NASHVILLE, Tenn. (WKRN) — Davidson County Chancellor Anne C. Martin struck down the state’s private school voucher law, known as the Education Savings Account (ESA) pilot program on Monday.

The law would have applied only to students in Davidson and Shelby Counties, and Martin ruled that it violated the Home Rule provision of the Tennessee Constitution, which prohibits the General Assembly from passing laws that target specific counties without local approval.

The voucher law was enacted in May 2019 over strong objections of legislators of both counties and would have began in the 2021-2022 school year. Governor Lee accelerated the timeline with plans to issue vouchers starting in the Fall.

“Chancellor Martin’s decision today, granting the counties’ summary judgment motion, now permanently enjoins the state from implementing the unconstitutional voucher program,” said the ACLU in a statement to News 2.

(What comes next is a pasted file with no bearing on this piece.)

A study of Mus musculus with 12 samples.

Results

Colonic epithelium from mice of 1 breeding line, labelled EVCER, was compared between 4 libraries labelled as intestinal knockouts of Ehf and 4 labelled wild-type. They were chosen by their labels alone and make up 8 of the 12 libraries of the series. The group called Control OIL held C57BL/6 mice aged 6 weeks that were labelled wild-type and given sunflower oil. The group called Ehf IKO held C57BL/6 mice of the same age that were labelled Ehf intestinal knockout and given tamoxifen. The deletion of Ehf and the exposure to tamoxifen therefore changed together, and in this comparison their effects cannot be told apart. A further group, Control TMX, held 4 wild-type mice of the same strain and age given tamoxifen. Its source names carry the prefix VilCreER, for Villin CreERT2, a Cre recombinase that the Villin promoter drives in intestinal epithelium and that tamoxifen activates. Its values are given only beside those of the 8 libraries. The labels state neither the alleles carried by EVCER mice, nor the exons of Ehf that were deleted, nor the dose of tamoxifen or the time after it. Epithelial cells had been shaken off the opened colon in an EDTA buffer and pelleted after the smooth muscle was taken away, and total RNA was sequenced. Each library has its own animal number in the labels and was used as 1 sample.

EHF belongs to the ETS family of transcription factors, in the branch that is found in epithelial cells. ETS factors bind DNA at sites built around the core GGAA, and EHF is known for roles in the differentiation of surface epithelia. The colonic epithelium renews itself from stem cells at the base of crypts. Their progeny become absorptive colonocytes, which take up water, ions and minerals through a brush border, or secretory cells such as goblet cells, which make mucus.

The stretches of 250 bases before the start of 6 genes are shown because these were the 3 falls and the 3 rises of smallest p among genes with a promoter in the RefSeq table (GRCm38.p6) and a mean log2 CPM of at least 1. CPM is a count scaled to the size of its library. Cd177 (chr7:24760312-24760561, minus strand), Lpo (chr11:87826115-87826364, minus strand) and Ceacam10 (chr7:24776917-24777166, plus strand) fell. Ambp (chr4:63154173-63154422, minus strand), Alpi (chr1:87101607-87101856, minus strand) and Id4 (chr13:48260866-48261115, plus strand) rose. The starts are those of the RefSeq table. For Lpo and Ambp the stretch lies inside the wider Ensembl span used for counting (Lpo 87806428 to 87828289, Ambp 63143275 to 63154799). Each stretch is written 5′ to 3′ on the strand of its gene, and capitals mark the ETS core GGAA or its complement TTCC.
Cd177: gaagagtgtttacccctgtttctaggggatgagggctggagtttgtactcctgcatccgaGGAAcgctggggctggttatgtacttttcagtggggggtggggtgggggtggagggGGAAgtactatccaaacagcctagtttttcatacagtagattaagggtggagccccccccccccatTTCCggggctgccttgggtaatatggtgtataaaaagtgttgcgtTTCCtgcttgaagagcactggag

“Nashville, like other cities and counties, must have the authority to determine how investments are made in the best interest of our residents,” said Mayor John Cooper. “We, of course, do not feel that vouchers are a solution for improving public education and will continue to advocate for both our MNPS students and educators.”

Governor Bill Lee’s office released a statement on Wednesday:

“The Attorney General has sought a stay of the court’s decision regarding the future of education savings accounts and our efforts to provide greater educational options for Tennessee families.  While we disagree with the court’s ruling, we respect it and believe we are in full compliance. If there are differences of opinion regarding the specific terms of the court’s order, we expect further clarification, soon. In the meantime, the Department of Education has not and will not be taking any action to process, administer, review applications, or further implement the program until this matter is resolved in the courts.”